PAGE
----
The resignation of Canada’s chief statistician amid a dispute over changes to the 2011 census may lead Prime Minister Stephen Harper to reconsider the plan or risk undermining the agency’s reputation, economists and historians said.
Munir Sheikh, the head of Statistics Canada and a career bureaucrat who helped eliminate Canada’s deficits during the 1990s, said last night he was resigning and added that a voluntary survey, as the government plans, can’t be a substitute for the mandatory portion of the country’s census.
The government’s proposal “violates all known laws of statistics,” said Kevin Milligan, an associate professor of economics at the University of British Columbia. “There is the potential here for the minister to damage the hard-earned global reputation of Statistics Canada” if they replace Sheikh with someone who moves ahead with a voluntary survey, he said.
Canada’s three opposition parties are against the decision to make voluntary a detailed questionnaire portion of the census, and have enough votes to topple the Conservative administration, or change laws if they join forces. Parliament’s Industry Committee will hold hearings next week to hear from groups including economists and academics who say keeping the current procedure is needed to get accurate results.
The government has said Canada’s next census, to be taken in May 2011, won’t include a mandatory long-form questionnaire such as the one that had previously been sent to a fifth of households. Instead, Statistics Canada will send a voluntary form covering most of the same topics as the previous form as part of a new National Household Survey.
Reason for Leaving
In a statement posted on Statistics Canada’s website, Sheikh said the reason for his departure was over a dispute about “whether a voluntary survey can become a substitute for a mandatory census.”
“It cannot,” Sheikh said. “Under the circumstances, I have tendered my resignation to the prime minister.”
The resignation is a “shock,” because “that just doesn’t happen very often in Canada,” said Norman Hillmer, a history professor at Carleton University. “If I were advising the prime minister I would tell him to take a good, hard look at this.”
“The government is probably in a position it never wanted to be in,” said Nik Nanos of the Nanos Research polling company. “This will likely have an impact on the reputation of the government.”
Could Seek Review
Harper could seek a review of the decision to defuse the tension, Nanos said. “It’s possible for the prime minister to intervene and it’s much easier now that the head of StatsCan has stepped down.”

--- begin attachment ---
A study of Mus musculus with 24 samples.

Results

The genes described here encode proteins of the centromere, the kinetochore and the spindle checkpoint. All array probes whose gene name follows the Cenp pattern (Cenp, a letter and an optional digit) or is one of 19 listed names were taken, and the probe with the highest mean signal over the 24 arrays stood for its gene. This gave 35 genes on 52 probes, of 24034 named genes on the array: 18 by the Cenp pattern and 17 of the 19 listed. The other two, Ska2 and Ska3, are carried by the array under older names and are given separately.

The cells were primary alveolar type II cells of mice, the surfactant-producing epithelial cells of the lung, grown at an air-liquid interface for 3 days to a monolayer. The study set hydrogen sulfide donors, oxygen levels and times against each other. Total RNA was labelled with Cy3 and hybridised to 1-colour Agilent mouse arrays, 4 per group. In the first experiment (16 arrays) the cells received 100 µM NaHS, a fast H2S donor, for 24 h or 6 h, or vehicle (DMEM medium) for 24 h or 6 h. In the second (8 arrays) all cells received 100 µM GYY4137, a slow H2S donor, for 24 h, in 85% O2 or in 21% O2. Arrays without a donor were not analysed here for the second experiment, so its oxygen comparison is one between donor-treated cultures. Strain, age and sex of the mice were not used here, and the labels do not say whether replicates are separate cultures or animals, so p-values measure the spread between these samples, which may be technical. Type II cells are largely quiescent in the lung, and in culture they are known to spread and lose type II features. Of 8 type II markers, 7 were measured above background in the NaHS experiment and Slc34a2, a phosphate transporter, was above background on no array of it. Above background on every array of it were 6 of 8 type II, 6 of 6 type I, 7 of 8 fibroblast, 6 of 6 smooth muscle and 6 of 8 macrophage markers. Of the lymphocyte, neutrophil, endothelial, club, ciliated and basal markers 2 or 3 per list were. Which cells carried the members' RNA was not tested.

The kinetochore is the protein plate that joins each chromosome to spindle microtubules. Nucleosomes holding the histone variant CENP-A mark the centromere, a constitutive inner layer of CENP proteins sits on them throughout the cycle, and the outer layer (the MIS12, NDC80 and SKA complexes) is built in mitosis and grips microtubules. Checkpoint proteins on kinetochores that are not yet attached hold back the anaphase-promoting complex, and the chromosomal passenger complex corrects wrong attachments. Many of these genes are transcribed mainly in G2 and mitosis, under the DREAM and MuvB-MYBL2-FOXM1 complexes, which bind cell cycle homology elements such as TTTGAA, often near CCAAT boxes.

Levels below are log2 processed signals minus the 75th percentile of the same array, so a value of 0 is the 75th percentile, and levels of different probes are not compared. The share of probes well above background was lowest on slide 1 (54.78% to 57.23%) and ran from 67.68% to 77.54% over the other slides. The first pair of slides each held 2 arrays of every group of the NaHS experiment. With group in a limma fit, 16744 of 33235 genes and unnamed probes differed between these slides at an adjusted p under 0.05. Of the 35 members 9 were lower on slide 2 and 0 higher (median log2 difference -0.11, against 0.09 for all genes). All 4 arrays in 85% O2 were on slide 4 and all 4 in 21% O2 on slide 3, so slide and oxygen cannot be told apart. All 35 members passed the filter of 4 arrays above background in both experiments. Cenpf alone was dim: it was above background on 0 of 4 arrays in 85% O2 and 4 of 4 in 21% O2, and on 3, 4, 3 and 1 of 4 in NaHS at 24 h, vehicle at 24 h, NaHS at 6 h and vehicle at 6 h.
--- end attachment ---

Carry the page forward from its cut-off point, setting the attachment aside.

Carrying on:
“I acknowledge with regret the resignation,” Industry Minister Tony Clement, the minister responsible for Ottawa-based Statistics Canada, said in an e-mailed statement, adding assistant chief statistician Wayne Smith will replace Sheikh on an interim basis.
“It is not appropriate to compel citizens to divulge how many bedrooms they have in their houses, or what time they leave for work in the morning,” Clement said in the statement. “The government’s approach is about finding a better balance between collecting necessary data and protecting the privacy rights of Canadians.”
The long form part of the 2006 census included questions on ethnicity, employment, income, languages spoken at home, education and other topics.
The opposition Liberal Party has said they would seek to amend the Statistics Act when Parliament reconvenes in September to make the questionnaire mandatory again. The Liberal Party’s house leader, Ralph Goodale, said yesterday that next week’s Industry Committee hearings would give the government “an opportunity to present its rationale, whatever it may be, and other Canadians who believe that this is important will have their opportunity to demonstrate what the stakes are on their side.”
“When you don’t have a commitment for honest research and the integrity of data, anything is possible,” Charlie Angus, a lawmaker with the New Democratic Party, said in an interview. “We really need hearings on this, because we’re not dealing with a mature government.”
Angus said it was “impossible” for Sheikh to stay at the helm of the agency after the government began “trashing” its reputation by implying it was spying on citizens.
“We supported the previous system because it provided Canadian businesses with accurate statistical data to use in their planning,” Kathryn Anderson, director of communications with the Canadian Chamber of Commerce, said in an e-mail. “If the government proceeds to make completion of the long form voluntary, we will want to see what measures it will implement to ensure that the data generated by the census are comprehensive and reliable.”
Canada’s first census was in 1666 in what was then the colony of New France, when Jean Talon counted 3,215 residents mostly by going door to door himself. Talon asked about their age, sex, marital status and occupation. He helped arrange to have women sent over from France after finding men outnumbered women by nearly two to one. Statistics Canada today has a building at its headquarters named after Talon.